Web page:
Saturday, 2 August 2014
Adam Carroll-Smith (Pitch Publishing Ltd.) - Six Stickers
Pitch Publishing Ltd.
Something different this time. This book was published last October (2013), but I've only just come across it. I haven't read it yet, still waiting for my copy to arrive, but here's a review that will give you some idea what it's about. I'm sure it will be a familiar story to many sticker collectors around the world.
Review by Mark Lomas (ESPN FC)
The 2014 World Cup has been a salmagundi of unpredictability, with late goals aplenty and Costa Rica. In among the surprises, however, have been some constants from tournaments past. From that familiar feeling of disenchantment that grips supporters of England every four years, to the cries of "got, got, need" that accompany quests to complete the official World Cup sticker album.
Collecting and collating stickers is a football tradition, nay institution, that transcends generations. For one 29-year-old Portsmouth fan, however, it became somewhat of an obsession. Like many of the best stories -- think "Are You Dave Gorman?" and "Round Ireland With A Fridge" -- Adam Carroll-Smith's "Six Stickers" is based on the premise of a quest that seems pointless to pretty much everyone in the world aside from the author.
The tale begins when Carroll-Smith discovers to his horror that the 1996 Premier League sticker album he had always proudly proclaimed to be complete is actually bereft of six little faces. The names Stuart Ripley, Philippe Albert, Gary Penrice, Scott Minto, Lars Bohinen and Keith Curle wouldn't have struck terror into too many players and fans in their footballing heyday -- but their absence from Carroll-Smith's book keeps him up at night, and then some.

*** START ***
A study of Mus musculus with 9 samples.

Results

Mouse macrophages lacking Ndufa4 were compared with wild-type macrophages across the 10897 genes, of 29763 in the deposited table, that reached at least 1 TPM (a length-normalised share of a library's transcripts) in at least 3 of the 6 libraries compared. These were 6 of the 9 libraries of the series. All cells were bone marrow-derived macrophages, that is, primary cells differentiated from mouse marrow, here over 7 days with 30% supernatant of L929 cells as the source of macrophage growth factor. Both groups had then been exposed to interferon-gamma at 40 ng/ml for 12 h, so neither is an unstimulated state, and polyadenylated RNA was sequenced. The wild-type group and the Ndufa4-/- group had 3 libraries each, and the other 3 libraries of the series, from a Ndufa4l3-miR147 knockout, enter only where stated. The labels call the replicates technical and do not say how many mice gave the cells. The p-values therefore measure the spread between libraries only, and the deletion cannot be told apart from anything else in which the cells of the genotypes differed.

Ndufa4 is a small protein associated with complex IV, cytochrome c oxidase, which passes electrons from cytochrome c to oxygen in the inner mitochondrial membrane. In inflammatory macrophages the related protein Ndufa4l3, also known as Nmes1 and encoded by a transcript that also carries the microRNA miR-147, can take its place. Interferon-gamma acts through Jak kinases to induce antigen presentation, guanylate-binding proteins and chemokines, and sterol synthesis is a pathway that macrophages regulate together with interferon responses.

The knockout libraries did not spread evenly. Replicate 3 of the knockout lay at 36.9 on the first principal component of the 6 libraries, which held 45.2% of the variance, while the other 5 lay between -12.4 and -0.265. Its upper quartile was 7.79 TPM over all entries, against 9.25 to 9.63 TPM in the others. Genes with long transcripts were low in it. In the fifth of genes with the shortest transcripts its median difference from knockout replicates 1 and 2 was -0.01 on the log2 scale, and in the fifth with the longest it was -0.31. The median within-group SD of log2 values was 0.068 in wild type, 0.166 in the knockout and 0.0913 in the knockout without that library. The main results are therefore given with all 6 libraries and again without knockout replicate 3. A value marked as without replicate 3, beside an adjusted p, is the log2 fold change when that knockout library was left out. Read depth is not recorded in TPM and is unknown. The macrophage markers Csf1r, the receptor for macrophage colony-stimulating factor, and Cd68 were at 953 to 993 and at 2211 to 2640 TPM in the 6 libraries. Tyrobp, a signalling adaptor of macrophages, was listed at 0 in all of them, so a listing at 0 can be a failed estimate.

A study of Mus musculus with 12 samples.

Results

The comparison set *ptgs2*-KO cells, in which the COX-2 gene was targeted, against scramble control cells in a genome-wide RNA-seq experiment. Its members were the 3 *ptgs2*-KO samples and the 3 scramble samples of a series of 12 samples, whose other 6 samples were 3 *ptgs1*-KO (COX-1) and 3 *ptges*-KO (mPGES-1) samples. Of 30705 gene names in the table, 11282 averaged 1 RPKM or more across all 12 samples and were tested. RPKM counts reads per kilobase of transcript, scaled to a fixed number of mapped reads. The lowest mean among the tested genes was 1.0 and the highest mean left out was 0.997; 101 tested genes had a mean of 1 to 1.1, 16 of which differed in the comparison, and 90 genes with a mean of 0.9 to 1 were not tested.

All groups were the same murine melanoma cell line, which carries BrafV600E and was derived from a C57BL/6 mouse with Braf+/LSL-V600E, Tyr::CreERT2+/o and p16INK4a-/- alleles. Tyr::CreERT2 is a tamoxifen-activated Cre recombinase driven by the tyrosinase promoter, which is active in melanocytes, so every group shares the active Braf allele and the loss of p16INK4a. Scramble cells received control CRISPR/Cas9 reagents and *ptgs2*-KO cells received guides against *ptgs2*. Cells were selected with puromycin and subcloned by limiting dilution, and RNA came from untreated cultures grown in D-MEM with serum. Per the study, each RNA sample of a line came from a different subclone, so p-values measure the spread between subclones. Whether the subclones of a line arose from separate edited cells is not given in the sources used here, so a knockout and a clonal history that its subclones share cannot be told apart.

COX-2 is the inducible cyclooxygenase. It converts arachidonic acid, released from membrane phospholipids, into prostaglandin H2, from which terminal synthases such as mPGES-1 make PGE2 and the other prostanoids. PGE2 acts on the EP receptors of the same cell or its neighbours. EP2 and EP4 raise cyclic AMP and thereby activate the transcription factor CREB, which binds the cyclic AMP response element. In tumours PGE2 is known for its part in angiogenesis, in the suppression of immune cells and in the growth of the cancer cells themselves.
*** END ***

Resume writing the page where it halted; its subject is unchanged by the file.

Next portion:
What follows is a journey full of high-jinx, ferry crossings and lexical banter as Carroll-Smith sets off to track down the six missing men. The book chronicles his mission but throughout the 254 pages, Carroll-Smith also does some pertinent philosophising about football -- notably about how football, and his relationship with the game, has changed since he first began consuming it as a child.
It is a book that will certainly resonate with any fans who watched football during the mid-90s, particularly if you were, like author, at the sort of age best described as one's football-supporting pomp. Mentions of players such as Peter Atherton and John Beresford are sure to bring pangs of nostalgia, while Caroll-Smith's informal, diaristic tone is a welcoming one; his ever-changing emotions and evolving misadventures akin to a football-loving Adrian Mole.
Ultimately, Six Stickers is a witty exploration of the romance surrounding the beautiful game and an eminently readable offering that is a must for anyone who has vociferously cursed at pulling out their third Blackburn Rovers shiny in as many packs.